November 18, 2010 By:

Audiences, too, have been using their hands to applaud the success of "My Mother's Italian, My Father's Jewish & I'm in Therapy," a Prozac-popping production of angst and antics at the Society Hill Playhouse.

Ron Tobin totes two types of guilt as a one-man marauder of merciless memories, battling the good, the bad and the oy veys.

In a play originated by Steve Solomon as a showcase for his own shenanigans, Tobin is off-and-running with the off-Broadway comedy that's come to Philadelphia on a cloud of smoked brisket and broccoli rabe.

It's all relative for the actor, who is indeed Jewish "with some Italian members of my family."

Uncle Julius the Jew and Aunt Annabelle set a table of prachus/pasta-bilities for his own backstory, says Tobin.

Uncle Julius, getting on in years, has an appetite for bad things. When told not to eat a carb-loaded dish, he dished: "I'm not going to my grave hungry!' "

From such nonsense and noshes is Tobin inspired, sticking to the Solomon script, but screaming inside from his own family feuds. After all, Bubbas and Nonnas are none too different in their approach to family, matriarchs of manipulation with celestial smiles that steal your hearts -- even as they're clad in cliches onstage.

Tobin isn't stealing from his predecessor, but he feels he is, in a way, channeling Solomon, the wise writer/actor who made a niche for himself off-Broadway and around the country with his tour de farfel/fusilli.

"I do feel like a member of Steve's family" -- a burgeoning one, given that Solomon has scripted two sequels, relates Tobin. "It's like he handed his baby over to me."

Solomon's baby split in half? One for the originator (still doing the show elsewhere); one for this actor: If his Italian id is not the same as Solomon's -- whose green,white and red-in-the-face reaction color the script -- Tobin is familiar with the battle of the binationals.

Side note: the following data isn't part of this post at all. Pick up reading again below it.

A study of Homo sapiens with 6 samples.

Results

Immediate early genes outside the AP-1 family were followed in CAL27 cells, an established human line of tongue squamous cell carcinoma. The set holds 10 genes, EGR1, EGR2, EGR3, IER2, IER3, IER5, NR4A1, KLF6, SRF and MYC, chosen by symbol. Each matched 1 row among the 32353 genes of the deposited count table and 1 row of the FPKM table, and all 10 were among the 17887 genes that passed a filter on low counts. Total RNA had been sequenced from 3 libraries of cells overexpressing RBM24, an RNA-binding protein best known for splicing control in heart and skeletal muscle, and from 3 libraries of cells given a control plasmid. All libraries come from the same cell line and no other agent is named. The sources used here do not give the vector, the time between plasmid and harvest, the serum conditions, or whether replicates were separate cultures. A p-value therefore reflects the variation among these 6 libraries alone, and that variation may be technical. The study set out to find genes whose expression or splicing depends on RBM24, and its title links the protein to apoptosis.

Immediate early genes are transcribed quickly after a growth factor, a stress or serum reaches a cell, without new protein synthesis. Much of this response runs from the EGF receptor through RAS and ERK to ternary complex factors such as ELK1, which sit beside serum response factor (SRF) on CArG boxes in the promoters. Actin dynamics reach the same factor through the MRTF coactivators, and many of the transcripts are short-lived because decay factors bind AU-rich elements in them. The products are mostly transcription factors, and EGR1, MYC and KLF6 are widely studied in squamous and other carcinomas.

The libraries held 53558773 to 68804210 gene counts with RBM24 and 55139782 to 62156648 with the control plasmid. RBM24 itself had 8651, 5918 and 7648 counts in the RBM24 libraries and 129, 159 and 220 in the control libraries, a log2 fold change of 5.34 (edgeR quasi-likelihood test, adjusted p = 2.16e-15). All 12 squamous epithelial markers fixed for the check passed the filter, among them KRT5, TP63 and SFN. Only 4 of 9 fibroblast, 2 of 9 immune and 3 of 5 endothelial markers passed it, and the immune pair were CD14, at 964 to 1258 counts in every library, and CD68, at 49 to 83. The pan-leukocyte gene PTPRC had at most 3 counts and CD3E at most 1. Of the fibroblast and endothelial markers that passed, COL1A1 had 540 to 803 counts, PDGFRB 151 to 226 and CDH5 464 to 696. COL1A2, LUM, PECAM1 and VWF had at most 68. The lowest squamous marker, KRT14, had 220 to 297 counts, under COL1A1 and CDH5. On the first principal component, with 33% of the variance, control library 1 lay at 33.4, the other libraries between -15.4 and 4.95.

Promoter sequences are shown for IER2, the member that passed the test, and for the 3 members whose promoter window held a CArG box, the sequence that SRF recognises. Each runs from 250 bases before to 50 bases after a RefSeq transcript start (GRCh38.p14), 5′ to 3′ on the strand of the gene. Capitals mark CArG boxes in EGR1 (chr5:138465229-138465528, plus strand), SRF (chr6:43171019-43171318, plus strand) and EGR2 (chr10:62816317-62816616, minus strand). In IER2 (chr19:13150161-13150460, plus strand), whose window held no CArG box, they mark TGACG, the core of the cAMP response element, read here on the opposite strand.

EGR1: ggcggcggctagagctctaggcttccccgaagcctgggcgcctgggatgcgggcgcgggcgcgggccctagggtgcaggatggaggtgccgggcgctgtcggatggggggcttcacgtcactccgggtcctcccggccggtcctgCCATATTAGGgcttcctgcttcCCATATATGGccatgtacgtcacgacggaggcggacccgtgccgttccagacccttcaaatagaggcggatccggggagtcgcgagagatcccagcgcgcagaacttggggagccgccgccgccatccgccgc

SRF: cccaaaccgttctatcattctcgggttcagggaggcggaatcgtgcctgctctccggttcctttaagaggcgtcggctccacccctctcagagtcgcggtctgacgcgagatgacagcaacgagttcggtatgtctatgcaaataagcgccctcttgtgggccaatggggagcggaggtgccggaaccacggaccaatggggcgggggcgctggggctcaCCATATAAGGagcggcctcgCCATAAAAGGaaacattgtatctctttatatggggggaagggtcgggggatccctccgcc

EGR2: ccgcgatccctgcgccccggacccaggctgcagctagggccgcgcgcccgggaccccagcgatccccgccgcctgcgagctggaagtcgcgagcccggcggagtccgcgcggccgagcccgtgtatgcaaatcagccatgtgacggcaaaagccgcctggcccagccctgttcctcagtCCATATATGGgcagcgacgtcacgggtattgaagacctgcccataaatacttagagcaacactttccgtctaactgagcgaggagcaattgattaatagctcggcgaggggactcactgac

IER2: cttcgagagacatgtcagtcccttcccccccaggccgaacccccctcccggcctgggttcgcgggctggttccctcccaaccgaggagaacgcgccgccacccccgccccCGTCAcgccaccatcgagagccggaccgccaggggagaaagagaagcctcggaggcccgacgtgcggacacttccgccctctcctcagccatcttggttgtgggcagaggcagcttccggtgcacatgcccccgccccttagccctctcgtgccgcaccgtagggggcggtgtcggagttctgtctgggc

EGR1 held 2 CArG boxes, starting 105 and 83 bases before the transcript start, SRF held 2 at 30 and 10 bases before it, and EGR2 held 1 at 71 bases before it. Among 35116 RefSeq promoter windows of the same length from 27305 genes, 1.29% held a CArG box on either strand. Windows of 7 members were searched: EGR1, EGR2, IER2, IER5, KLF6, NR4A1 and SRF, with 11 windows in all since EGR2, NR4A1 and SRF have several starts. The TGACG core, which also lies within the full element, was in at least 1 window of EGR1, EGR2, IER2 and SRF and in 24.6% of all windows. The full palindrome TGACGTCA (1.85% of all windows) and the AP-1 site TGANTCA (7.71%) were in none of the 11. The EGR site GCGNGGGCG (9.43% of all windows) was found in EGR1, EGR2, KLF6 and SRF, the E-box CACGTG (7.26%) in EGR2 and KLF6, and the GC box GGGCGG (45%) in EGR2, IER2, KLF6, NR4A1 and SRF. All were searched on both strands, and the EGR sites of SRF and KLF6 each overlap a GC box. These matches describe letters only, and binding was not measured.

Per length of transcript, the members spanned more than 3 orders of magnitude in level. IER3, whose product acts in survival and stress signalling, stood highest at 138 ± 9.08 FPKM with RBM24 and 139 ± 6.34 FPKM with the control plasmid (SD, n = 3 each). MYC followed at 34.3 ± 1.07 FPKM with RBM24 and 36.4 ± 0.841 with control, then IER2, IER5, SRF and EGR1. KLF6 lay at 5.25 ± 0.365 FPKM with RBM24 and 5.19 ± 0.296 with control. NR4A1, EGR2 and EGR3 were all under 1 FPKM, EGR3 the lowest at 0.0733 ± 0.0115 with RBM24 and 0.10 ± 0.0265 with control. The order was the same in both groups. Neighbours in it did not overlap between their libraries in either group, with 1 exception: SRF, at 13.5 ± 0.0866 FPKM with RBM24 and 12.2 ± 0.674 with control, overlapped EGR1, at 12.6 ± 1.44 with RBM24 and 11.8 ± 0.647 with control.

Say it loud, say it -- louder: What else would you expect from both Italians and Jews? "I grew up in Long Island in a neighborhood that was a melting pot," he recalls of those long-gone daze.

Mix a Silver and a Silvestri, and watch what alchemy comes out. The comedy comments on the menu of mishugas and mix-ups that is a heritage of mixed religions, riffing on the sound and the fury that Faulkner never dreamed of.

Actor/comedian Tobin insists that he was born for this role. He impresses upon others how protean he is, and even those who haven't seen his other roles of a thousand -- OK, maybe 50 -- other voices and impressions have to know that his inner monologues are infectious.

That he has a good ear for dialects and diatribes is obvious. A comedian who's opened or worked for such masters as Henny Youngman and Jerry Seinfeld, his signs are everywhere that he's a one-man minyan of mirth.

As far as his career ?

"This is a culmination," Tobin says of the show at Society Hill Playhouse. "Everything I've done before has prepared me for this."

Prepare to laugh, he advises audiences. As for his own peace of mind, the play has become a Rolaids' moment of relief.

"Now I realize," he says of the multitudes of Jews and Italians he plays on stage, that "my family is not the only one that's nuts!"